All's Suite in Hotels That Keep Families in Mind

April 15, 2001|EILEEN OGINTZ

The Johars couldn't believe their luck. Every day the family spent in Orlando, Fla., their two boys were uncharacteristically willing to leave the theme parks when their parents had had enough.

"They wanted to go to the hotel and have fun," said Maria Johar of Toledo, Ohio. "It was more than a place to sleep. It was really special for them."

That's because the Johars were staying in a Kidsuite at the Holiday Inn Family Suites, paying a little more than $100 a night. The boys had their own small room, with bunk beds, rain forest mural, TV, VCR and video games.

"Kids don't share beds or a room with their parents at home, and they shouldn't have to on vacation," said Terry Whaples, one of the developers of the Kidsuite project, which includes about 500 Kidsuites in Orlando hotels. They are decorated in themes ranging from outer space to Disney.

The idea has started to catch on around the country. There are 1,100 Kidsuites in Holiday Inns in the U.S. (Telephone [800] HOLIDAY or [877] 387-KIDS, or visit http://www.basshotels.com/holiday-inn or http://www.hifamilysuites.com.) These types of suites also can be found in some of the other major chains that appeal to budget-minded families, including Howard Johnson (suites starting at less than $70; tel. [800] 446-4656, http://www.hojo.com) and Travelodge (tel. [800] 578-7878, http://www.travelodge.com). They can also be found at the newly opened Hard Rock Hotel at Universal Studios in Orlando ($345; tel. [800] 232-7827, http://www.universalorlando.com).

San Francisco's hip Hotel Metropolis has a family suite that includes an extra room for the nanny ($325; tel. [800] 553-1900, http://www.personalityhotels.com). The I-don't-care-what-it-costs crowd will love the Junior Presidential Suite at the Ritz-Carlton in Boston, which has a special child's bathroom, toy box, arts and crafts, and a fridge stocked with healthy snacks ($700; tel. [800] 241-3333, http://www.ritz-carlton.com).

"Families staying in hotels want an experience, not just a room," said Kathryn Potter of the American Hotel and Motel Assn. "They are traveling more and want more bang for their vacation buck."

Chekitan Dev, a marketing professor at the Cornell University School of Hotel Administration, has been observing this trend. "Kids that are growing up in a media-rich environment expect to be stimulated, even in a hotel room," Dev said. "I think we're going to see more fun stuff in all parts of the hotel."

Parents don't seem to mind paying extra. "These suites go faster than other rooms, and we never have to discount them," said Loews executive Michael Sansbury, who oversees Universal's two hotels.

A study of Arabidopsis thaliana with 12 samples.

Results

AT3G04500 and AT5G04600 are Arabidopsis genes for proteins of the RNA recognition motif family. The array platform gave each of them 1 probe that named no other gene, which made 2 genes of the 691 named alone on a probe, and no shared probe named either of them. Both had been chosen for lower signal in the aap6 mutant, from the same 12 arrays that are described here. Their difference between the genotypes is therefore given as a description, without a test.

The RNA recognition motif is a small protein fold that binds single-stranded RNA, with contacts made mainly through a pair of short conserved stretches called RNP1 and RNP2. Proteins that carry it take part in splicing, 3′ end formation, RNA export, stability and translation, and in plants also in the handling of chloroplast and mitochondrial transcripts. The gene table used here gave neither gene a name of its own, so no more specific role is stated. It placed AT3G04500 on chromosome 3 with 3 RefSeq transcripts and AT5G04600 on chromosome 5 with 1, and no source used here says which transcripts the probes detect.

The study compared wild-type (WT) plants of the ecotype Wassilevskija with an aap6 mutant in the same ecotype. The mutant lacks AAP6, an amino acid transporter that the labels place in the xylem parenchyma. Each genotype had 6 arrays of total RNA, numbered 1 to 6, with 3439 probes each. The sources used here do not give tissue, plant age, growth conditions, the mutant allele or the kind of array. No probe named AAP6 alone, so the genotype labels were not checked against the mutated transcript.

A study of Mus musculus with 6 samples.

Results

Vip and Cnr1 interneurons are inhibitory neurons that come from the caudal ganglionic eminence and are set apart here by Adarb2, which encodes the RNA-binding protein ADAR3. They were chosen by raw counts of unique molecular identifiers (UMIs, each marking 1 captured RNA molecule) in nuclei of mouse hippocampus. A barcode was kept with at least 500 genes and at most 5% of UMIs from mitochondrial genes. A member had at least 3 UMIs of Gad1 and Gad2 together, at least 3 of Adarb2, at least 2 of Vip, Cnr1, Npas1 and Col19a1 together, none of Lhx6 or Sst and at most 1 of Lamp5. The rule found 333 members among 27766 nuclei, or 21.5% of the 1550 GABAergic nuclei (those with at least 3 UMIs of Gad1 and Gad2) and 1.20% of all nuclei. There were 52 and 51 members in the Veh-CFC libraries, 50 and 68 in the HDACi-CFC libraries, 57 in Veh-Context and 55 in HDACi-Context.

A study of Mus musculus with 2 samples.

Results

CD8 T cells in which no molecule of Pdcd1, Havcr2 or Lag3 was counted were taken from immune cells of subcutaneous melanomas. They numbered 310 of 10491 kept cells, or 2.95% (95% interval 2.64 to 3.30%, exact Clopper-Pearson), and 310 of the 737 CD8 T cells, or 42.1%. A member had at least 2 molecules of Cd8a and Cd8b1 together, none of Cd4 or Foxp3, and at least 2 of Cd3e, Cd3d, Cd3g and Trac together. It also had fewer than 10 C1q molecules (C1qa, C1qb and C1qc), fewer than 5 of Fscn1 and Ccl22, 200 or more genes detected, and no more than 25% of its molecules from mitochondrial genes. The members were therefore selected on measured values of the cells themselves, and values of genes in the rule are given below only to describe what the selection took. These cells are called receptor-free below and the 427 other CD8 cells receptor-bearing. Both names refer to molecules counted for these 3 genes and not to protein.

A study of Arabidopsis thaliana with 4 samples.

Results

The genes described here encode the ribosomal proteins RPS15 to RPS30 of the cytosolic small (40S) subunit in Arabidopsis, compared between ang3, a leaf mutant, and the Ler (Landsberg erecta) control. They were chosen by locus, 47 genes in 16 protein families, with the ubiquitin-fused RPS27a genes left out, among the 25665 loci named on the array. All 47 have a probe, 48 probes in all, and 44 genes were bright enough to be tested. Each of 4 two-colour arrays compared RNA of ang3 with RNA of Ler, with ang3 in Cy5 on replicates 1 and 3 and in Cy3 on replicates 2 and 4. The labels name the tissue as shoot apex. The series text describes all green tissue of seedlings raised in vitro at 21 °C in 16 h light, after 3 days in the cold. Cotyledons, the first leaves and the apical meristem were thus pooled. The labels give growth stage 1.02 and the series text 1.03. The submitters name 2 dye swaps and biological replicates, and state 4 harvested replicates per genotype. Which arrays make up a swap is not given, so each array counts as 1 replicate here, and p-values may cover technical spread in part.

That's because parents like Bonnie Hoffman appreciate the value the specialized space affords. The Atlanta mom liked that her baby could nap peacefully in one room while her two boys played video games in the small adjacent kids' room, about half the size of a regular hotel room.

Parents and kids alike enjoy the various themes of these suites, even when they amount to thinly veiled corporate sponsorship. Holiday Inn Family Suites, for example, offers rooms created with the help of U.S. Space Camp, Coca-Cola and Kellogg, among others. Young guests at Howard Johnson can draw their hearts out at a big Crayola easel; the rooms are decorated with kids' artwork, Crayola lamps and alarm clocks.

Young Travelodge guests get a Sleepy Bear toy to cuddle up with in their Sleepy Bear's Den.

"My 3-year-old is still talking about Sleepy Bear," said Sherrie Beneda, who lives just outside Chicago. "It was so much better than an old, sterile hotel room. The kids remembered the trip a lot more."

Many parents who have tried these special rooms say they'll now look for hotels that have them. That's the idea, of course. Potter says that with so many hotels and motels in this country, hoteliers are trying to distinguish themselves by offering all kinds of amenities and services.

Whaples, who is recognized as one of the top innovators in the hotel industry, first saw the potential for kid suites five years ago, when she was vacationing with her family in Texas. Initially dismayed that her daughter was assigned to a space no bigger than a closet, Whaples soon found out that her 9-year-old loved the tiny room, which was decorated to look like an Old West jail cell.

"What mattered was the space was special, not how big it was," Whaples said.

As soon as she got back to Orlando, Whaples and her Holiday Inn partners started working on redesigning conventional hotel rooms for families. The first Kidsuites opened a year later in two Orlando hotels, and though the partitioned rooms were cramped, families loved them.

The roomier Holiday Inn Family Suites-the Kidsuites are all two bedrooms with a separate living room-followed last year and have been winning raves since.

"The best part was not having to sit in the dark after the kids went to bed," said Anne Gray, a Canadian visiting Orlando with her grandchildren.

Taking the Kids appears twice a month.